Noting that the existing Summary of Benefits and Coverage (SBC) template is incomplete in critical ways, the National Partnership for Women & Families filed comments with the Office of Management and Budget today offering recommendations to improve it. Problems with the SBC, the comments say, include its suggestion that preventive services are restricted to a health care provider’s office or clinic when, in fact, women can obtain services such as breastfeeding support, birth control medications and mammograms outside a provider’s office or clinic; and it significantly underestimates costs associated with childbearing for women who give birth in hospitals.
“The SBC is critical to the success of the health insurance marketplace created by the Affordable Care Act (ACA),” said National Partnership President Debra L. Ness. “Consumers rely on it to compare health plans and choose the one that best meets their needs. It provides more pre-enrollment information than any other document that is readily available to consumers. As such, a consumer-friendly, clear and informative SBC is essential. We are grateful for the opportunity to provide these comments and stand ready to work with the federal government to incorporate these suggestions, so the SBC will do a better job of clarifying what women’s health services each insurance plan will cover.”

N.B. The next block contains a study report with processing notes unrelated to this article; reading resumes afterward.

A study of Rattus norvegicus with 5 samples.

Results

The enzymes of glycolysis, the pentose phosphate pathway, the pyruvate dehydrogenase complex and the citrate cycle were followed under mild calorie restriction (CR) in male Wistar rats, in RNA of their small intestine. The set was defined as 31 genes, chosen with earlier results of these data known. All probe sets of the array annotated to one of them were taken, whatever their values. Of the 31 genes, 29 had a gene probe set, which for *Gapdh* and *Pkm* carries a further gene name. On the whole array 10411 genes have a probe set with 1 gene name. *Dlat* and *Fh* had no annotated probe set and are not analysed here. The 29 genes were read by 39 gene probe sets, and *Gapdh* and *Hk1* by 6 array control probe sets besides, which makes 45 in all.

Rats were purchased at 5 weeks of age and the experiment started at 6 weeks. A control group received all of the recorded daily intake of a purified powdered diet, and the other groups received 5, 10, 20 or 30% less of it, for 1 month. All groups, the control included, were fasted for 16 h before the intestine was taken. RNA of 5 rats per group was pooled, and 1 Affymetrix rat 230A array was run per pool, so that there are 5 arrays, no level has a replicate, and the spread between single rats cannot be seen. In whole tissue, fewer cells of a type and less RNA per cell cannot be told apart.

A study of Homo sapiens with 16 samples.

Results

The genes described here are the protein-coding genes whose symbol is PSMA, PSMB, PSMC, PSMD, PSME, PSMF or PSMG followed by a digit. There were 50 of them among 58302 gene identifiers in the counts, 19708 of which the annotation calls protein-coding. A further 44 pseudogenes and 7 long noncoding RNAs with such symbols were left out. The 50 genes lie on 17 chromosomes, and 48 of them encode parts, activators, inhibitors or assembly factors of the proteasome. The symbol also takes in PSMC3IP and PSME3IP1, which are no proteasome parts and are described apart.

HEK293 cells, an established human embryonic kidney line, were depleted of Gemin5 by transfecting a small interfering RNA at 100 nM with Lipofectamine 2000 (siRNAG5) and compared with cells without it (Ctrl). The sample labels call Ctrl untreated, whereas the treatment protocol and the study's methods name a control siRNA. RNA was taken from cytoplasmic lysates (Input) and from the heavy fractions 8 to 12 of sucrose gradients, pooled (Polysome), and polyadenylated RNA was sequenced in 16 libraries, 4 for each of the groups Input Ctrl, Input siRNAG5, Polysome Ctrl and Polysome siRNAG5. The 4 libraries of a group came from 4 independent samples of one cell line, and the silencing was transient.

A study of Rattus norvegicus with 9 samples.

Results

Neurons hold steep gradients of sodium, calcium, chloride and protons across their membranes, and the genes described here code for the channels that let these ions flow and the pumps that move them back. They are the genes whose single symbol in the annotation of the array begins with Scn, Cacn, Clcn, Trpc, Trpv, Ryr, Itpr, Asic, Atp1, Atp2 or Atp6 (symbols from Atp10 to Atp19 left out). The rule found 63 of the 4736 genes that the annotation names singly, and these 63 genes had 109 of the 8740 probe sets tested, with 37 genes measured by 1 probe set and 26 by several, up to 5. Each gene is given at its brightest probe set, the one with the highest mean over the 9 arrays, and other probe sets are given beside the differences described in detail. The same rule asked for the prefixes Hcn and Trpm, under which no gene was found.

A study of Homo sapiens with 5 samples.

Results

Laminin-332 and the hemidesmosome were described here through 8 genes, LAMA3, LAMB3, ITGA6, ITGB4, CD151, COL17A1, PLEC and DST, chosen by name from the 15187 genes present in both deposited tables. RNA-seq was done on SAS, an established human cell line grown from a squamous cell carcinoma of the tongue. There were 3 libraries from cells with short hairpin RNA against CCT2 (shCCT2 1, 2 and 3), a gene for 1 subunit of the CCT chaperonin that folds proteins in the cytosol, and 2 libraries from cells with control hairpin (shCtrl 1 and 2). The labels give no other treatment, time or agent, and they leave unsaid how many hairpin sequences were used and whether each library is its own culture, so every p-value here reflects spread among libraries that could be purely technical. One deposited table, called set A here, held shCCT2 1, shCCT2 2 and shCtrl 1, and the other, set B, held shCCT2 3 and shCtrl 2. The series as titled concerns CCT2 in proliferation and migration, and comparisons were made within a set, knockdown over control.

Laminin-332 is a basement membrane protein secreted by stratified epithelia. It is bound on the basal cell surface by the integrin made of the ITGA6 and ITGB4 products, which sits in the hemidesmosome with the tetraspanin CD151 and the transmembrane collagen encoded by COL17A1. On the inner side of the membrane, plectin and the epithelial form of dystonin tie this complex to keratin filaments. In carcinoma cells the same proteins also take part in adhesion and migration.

Among the National Partnership’s recommendations to improve the SBC:
- Create a new category under “Common Medical Event” for preventive services that directs consumers to a website that provides a comprehensive, updated list of all preventive services covered by each health insurance plan.
- Better inform prospective enrollees about maternity care costs by listing and including in coverage example calculations what each plan would cover for the five most costly services (woman’s professional fees, woman’s facility fee, woman’s anesthesia fee, newborn facility fee and newborn professional fee) commonly associated with childbirth.
- List abortion coverage in the “Common Medical Event” section, and require that the SBC clearly articulate the scope of abortion coverage to give consumers unambiguous, baseline information about their coverage.
The National Partnership’s comment letter is available here.